Are you at risk of losing your driver’s license?
If you’re convicted of a DUI, you could lose your driver’s license, pay high fines, and spend time in jail. Even a temporary suspension of your driver’s license can lead to loss of your job and your freedom. And repeated DUI convictions put you at risk for permanent loss of your driver’s license—a devastating consequence that can negatively impact you for the rest of your life. Contact Michael Levinsohn now to preserve your livelihood!
Did you know these facts about DUI charges?
1. The most commonly known penalty for a DUI conviction is having your driver’s license suspended, but depending on the circumstances of your case, you could also face jail time, fines, community service, vehicle impoundment, and more.
2. If the devices that calculated your Blood Alcohol Concentration (BAC) were not properly maintained, were malfunctioning, or if the test wasn’t administered properly, it may be possible to have your charges dismissed with the help of an experienced attorney.
3. If the police had no probable cause to pull you over, your charges may be dropped entirely. But it is very difficult to establish this without a competent attorney on your side.
The Doctor and the Rising Blood Alcohol
A young ER doctor is watching the NBA playoffs with friends. They enjoy food and wine, and when the game ends the doctor finishes what’s left in his glass, quickly drinks another full glass, and gets in his car.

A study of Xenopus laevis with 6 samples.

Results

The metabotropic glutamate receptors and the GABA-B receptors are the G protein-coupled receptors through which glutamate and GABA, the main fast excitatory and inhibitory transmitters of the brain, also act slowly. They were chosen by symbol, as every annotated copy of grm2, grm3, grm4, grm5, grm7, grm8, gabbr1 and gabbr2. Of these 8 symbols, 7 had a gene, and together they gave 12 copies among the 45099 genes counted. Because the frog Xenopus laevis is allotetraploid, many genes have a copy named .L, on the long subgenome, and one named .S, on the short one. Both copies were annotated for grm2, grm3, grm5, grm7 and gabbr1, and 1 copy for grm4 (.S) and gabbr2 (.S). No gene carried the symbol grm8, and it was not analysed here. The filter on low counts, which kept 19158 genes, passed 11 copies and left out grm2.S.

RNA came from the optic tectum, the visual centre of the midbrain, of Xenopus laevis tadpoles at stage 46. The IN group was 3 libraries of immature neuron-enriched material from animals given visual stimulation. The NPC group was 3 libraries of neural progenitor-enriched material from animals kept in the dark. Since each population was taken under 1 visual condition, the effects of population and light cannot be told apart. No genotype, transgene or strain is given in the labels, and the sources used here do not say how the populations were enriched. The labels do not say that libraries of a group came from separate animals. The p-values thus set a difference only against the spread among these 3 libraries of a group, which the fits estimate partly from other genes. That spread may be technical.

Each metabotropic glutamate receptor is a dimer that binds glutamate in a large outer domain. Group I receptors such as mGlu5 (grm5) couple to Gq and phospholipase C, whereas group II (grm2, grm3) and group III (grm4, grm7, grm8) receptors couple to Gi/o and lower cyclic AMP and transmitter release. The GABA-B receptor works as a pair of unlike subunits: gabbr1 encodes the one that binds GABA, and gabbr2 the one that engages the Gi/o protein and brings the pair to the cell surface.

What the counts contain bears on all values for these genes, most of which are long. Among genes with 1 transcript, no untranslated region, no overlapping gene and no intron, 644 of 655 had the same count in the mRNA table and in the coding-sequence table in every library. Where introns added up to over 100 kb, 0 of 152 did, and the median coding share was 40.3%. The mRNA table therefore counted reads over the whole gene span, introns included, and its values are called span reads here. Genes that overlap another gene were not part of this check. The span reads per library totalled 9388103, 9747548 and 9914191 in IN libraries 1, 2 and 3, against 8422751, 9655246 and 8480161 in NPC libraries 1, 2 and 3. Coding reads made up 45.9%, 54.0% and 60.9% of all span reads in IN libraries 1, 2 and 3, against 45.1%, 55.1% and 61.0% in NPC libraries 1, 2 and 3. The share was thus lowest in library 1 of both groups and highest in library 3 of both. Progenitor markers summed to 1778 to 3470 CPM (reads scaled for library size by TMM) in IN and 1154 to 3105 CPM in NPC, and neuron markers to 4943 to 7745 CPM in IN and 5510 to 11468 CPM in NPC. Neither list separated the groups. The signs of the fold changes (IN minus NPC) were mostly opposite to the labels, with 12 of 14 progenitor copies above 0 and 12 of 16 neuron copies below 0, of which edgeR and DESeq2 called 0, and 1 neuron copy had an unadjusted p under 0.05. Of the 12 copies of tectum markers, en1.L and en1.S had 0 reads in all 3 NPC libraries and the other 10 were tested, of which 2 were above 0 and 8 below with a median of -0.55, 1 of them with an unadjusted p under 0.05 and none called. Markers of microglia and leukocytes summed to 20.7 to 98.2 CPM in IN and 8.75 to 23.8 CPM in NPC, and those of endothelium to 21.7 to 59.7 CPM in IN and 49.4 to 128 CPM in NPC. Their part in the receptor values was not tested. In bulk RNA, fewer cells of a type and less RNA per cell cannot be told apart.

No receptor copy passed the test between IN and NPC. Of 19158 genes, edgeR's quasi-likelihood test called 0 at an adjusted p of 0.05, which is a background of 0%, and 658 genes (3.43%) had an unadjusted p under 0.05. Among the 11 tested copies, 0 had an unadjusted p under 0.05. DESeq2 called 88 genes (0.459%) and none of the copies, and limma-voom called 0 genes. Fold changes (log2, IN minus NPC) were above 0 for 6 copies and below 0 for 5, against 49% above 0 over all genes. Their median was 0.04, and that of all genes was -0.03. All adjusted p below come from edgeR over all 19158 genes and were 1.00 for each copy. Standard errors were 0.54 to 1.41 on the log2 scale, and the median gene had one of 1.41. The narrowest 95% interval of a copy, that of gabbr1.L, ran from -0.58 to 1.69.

He travels about half a mile before a young officer stops him for speeding. She doesn’t write him a ticket for speeding (very common), but gives him a test called “nystagmus,” in which he’s supposed to follow her finger with his eyes—without moving his head. The doctor critiques the officer’s method, saying, “You’re moving your finger out of my field of vision.” The officer says, “Okay, smart, guy, out of the car.” After the field sobriety tests, the doctor refuses—which is his right—to take a “preliminary” test on the breathalyzer. The officer arrests him.
By the time our doctor is given the official breath test at the station, exactly one hour has passed. His Blood Alcohol Concentration, or “BAC,” is .10%, which is .02% over the limit. He also performs much worse on sobriety tests than he did an hour before. The arresting officer makes a snide remark when she takes his license away, and our doctor makes a comment that she interprets as a threat to her safety if she were ever to end up in his E.R.
To be guilty of DUI, your BAC has to be over the limit at the time you are driving, and it takes an hour for alcohol to be fully absorbed in your system. Since our doctor drank the last wine just before he was stopped, it was not fully absorbed. The judge gave him a warning for what he said to the officer, but he was found not guilty of a DUI.